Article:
Sputnik V manufacturers announce they've developed a Covid-19 vaccine booster shot that's effective in tackling ‘Indian variant’
With Covid-19 cases on the rise again in Russia, the developers of the pioneering Sputnik V vaccine revealed on Thursday that they have created an upcoming booster shot that's effective against the latest mutations of the virus.

The Delta variant of the coronavirus, first discovered in India, has spread rapidly around the world. It’s thought to be more transmissible than previous mutations, and it’s been cited by British Prime Minister Boris Johnson as justifying his decision to push back the UK’s long-anticipated reopening by four weeks.

The Moscow-based Gamaleya Institute promised on Thursday that a forthcoming booster shot for its Sputnik V jab will work against the new variant. The Russian scientists have played a pioneering role in the vaccine cocktail approach.

Sputnik V was the world’s first coronavirus registered Covid-19 jab, and has a proven efficacy rate of over 91%, according to The Lancet. Though it has yet to be approved by the World Health Organization and the European Medicines Agency, it has been deployed in 67 countries with a total population of around 3.5 billion.

The Gamaleya Institute did not give a precise timeline for the release of its booster shot, nor did it provide any figures on efficacy. The World Health Organization currently holds that existing vaccines work against the Delta variant, albeit at a reduced effectiveness. Several scientific studies in recent weeks have backed this up, finding the variant to be slightly more resistant to vaccines and antibodies than previous strains.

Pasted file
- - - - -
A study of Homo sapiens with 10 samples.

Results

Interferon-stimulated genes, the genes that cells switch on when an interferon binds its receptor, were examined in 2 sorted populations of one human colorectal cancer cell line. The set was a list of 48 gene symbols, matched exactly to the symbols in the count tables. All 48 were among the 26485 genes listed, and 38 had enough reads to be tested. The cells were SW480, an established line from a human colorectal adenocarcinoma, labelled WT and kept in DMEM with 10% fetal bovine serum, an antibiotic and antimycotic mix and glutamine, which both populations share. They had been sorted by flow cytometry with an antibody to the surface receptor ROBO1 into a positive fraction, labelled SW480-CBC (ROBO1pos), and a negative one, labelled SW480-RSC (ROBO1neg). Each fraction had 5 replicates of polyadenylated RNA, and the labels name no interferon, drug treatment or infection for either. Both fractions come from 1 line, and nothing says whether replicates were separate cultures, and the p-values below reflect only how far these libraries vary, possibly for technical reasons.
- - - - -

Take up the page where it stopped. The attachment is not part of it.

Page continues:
Unlike other vaccines, Sputnik V is delivered using two different vectors. This approach was pioneered by the Gamaleya Institute back in 2019, when it developed a vaccine against the Middle East respiratory syndrome coronavirus (MERS-CoV). 

Since then, scientists have recognized the added power of mixing different vectors. The Gamaleya Institute offered Sputnik V up for clinical trials last year alongside AstraZeneca’s jab, with research still taking place. Similar trials have since been run with encouraging results, and the Gamaleya Institute called on the media on Thursday to acknowledge its “leading role” in this approach.

“Over the last year we have been tirelessly talking about heterogeneous boosting and vaccine cocktails,” the official Sputnik V social media account tweeted. “#SputnikV was [the] 1st vaccine maker to understand the future of this approach and it has to be acknowledged.”

Pfizer CEO Albert Bourla told CBS News earlier this week that he’s “comfortable” that his company’s vaccine will hold back the Delta variant. Likewise AstraZeneca is counting on an efficacy rate of around 90% against the new variant from its existing two-shot approach. Should real-world research prove otherwise, and should the Gamaleya Institute’s banking on boosters pay off, Sputnik V could score yet another world first.